What a great photo!
My masons hatched yesterday.
Thank you Omie.
As side note, this is no doubt the Hornedfaced mason Bee. (osmia cornifrons)
Slightly different than the blue or orchard mason bee (osmia lignaria)
Excuse me, but what are masons? I have never seen this before...and I am a farm girl and always have been?????
Sorry for not responding. I did not see your post.
Mason bees are solitary bees that can be kept in community type settings, by providing nesting sites. They are super pollinators that specialize on fruit trees and early spring flowers. They produce no honey crop for beekeepers and have limited life spans. Many backyard gardeners love these mason bees since they get pollination without the use of a full size beehive and can be kept in crowded residential areas.
Do a few google searches. (Keeping mason bees, mason bee homes, etc.) There are some books on the subject also.
so what material are the little tubes constructed from?
great picture... thanks.
rolled paper cardboard.
Some dismiss using these as they suggest that wasps and such will sting through the side. Which is as big an urban legend as they get. But it helps some sell blocks and other "claimed" better products.
In nature, wasps do not drill into the mason tubes from adjacent holes in wood. They wait for the mason to leave the hole, hanging out nearby, then go in and lay their egg in the tube. This is how they operate. Seen it many times. They could of never survived drilling in through adjacent holes. They evolved by going straight in the tubes.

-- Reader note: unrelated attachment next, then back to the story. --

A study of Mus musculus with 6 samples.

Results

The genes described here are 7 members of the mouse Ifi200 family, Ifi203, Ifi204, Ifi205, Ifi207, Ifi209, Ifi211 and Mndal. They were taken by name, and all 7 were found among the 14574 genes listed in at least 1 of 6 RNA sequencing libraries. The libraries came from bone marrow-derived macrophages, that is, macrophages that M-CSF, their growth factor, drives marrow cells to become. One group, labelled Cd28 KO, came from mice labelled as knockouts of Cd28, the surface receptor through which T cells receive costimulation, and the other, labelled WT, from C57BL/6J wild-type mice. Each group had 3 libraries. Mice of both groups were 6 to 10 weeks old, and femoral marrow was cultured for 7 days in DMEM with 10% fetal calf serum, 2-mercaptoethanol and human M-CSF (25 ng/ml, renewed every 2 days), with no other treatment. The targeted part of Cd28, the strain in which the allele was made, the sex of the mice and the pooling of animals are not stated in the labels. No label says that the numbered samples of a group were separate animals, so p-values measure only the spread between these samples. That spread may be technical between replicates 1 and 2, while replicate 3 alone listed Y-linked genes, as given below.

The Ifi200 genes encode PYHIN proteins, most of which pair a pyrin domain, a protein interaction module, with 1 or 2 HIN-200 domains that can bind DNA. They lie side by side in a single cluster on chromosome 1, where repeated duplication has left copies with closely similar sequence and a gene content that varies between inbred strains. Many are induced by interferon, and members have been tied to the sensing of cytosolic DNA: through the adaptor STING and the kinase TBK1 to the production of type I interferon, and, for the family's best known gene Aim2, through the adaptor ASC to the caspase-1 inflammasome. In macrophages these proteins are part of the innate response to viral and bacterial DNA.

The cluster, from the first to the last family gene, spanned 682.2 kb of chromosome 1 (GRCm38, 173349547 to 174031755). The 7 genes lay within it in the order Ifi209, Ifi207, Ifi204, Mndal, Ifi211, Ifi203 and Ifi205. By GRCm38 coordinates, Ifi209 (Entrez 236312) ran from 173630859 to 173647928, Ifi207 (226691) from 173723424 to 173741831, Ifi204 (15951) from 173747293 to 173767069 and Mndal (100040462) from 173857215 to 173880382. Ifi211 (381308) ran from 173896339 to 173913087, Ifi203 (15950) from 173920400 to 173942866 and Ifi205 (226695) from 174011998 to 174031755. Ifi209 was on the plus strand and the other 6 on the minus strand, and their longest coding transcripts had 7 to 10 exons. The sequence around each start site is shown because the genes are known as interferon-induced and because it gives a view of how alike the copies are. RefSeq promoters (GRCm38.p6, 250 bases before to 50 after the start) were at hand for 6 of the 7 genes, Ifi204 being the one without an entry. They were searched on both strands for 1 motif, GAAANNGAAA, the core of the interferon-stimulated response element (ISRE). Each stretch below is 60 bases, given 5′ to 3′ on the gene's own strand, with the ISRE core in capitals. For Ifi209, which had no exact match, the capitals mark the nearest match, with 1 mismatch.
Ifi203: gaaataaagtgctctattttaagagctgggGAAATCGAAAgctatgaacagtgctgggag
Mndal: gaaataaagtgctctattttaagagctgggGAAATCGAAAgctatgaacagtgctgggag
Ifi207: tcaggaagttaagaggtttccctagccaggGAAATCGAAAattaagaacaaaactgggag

So you have all these fancy blocks and wild claims of other products that they keep predatory wasps from damaging the masons. And all the while, they will walk right in the tubes as they have been doing for eons. Some even go as far to suggest when you find a small hole in the side of the tube it was where a wasp drilled through to lay eggs. Truth is, this is where the little new wasp ate it's way OUT.
If you are considering masons, the one thing I suggest is paper inserts for whatever product you eventually do use. And always providing new nesting tubes with paper every year. These cardboard tubes are an easy system for that.